Connectivism has been described by George Siemens, its original proponent, as a learning theory for the digital age. As such, connectivism is often referenced when people talk about MOOCs or learning with OER. Most learning theories were developed prior to the digital, networked age and have been adapted to fit with it, whereas connectivism was developed specifically in response to the possibilities offered by a global network. The question ‘Does this give us anything new?’ is also relevant for connectivism, as some of the criticism about it has been that connectivism repackages existing ideas.
In the next activity we’d like you to read a paper by George Siemens outlining his theory of connectivism. We’d then like you to read a blog post by Stephen Downes in which he explains his perspective on what connectivism is, and also attempts to address some criticisms of it.
Activity 18: Theory of connectivism and its critics
- Read Siemens (2005), .
- Read Downes (2007), What connectivism is.
We can view connectivism as a perspective on learning, which places the network at the core of its approach. While other learning theories may be applicable in this context, none are so deliberately focused on the importance of the network. Connectivism is not without its critics, and the aim of this activity is for you to explore whether you feel it offers a useful framework for considering education.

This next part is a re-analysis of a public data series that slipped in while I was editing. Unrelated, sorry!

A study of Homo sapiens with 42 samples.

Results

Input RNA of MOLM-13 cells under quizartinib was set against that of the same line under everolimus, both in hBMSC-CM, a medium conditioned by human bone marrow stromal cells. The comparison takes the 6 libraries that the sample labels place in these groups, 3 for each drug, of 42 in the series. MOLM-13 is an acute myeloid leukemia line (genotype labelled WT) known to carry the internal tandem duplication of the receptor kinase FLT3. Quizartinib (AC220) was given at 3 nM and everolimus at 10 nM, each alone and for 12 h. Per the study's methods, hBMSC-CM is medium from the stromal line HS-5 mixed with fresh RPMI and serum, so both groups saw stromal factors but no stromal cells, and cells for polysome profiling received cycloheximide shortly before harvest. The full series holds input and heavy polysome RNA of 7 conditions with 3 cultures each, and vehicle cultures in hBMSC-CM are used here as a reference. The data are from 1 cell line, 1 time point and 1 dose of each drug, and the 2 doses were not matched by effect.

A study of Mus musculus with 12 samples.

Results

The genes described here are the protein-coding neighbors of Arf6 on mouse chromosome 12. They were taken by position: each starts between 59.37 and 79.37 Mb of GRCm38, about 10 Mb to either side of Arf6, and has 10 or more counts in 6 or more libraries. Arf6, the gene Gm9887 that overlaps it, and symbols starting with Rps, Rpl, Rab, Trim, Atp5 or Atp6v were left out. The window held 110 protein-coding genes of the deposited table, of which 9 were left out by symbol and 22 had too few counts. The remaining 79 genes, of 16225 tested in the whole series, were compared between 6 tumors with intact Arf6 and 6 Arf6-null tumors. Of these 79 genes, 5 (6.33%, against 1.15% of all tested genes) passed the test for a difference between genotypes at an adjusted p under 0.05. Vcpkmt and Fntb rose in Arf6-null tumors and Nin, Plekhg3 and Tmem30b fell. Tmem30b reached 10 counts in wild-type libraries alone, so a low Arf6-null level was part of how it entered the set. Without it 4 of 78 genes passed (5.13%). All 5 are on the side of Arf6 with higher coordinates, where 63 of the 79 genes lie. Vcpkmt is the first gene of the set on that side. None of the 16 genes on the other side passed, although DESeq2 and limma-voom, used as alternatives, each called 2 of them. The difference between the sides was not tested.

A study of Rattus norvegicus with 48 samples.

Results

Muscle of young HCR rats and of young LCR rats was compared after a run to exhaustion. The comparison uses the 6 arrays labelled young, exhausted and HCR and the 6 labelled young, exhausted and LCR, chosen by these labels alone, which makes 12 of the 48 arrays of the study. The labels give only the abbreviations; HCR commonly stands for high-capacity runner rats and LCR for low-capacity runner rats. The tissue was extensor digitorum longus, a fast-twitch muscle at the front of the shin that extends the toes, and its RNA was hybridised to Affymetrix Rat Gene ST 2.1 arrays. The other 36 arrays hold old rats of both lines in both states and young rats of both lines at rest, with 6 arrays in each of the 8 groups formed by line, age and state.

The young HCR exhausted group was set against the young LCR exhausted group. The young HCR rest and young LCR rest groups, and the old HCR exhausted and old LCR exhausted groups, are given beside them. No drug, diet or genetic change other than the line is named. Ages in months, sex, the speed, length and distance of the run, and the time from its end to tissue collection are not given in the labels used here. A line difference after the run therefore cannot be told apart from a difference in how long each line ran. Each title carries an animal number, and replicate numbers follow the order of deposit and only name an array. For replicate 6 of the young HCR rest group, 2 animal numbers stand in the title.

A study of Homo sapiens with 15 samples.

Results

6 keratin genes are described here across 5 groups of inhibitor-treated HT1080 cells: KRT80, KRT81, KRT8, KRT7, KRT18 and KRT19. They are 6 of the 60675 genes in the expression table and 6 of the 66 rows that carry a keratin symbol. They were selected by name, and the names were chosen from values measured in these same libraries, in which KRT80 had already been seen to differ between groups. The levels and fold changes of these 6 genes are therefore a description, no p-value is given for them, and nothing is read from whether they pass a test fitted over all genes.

Perhaps the best way to think about connectivism is to implement it, so that is what we’d like you to do in the next activity.
Activity 19: Implementing connectivism
In this activity you will be devising a course that takes a strong connectivism approach, based on some key principles devised by Siemens:
- Learning and knowledge rests in diversity of opinions.
- Learning is a process of connecting specialised nodes or information sources.
- Learning may reside in non-human appliances.
- Capacity to know more is more critical than what is currently known.
- Nurturing and maintaining connections is needed to facilitate continual learning.
- Ability to see connections between fields, ideas and concepts is a core skill.
- Currency (accurate, up-to-date knowledge) is the intent of all connectivist learning activities.
- Decision making is itself a learning process. Choosing what to learn and the meaning of incoming information is seen through the lens of a shifting reality. While there is a right answer now, it may be wrong tomorrow due to alterations in the information climate affecting the decision.
- Take the description of the short course on digital skills that you developed in Week 2 and recast it, so that it adopts a highly connectivist approach. Or, if you prefer, you could take this ‘Open education’ open course as an example and recast it in a more connectivist model, or another course you have familiarity with.
- You should take each of the principles set out above and state how they are realised in your course, either as a general principle or by giving an example activity.
- Blog your course outline, along with how the principles are realised, and if you are content to use Twitter to share your thoughts, Tweet about your blog post using the hashtags #h817open and #Activity19.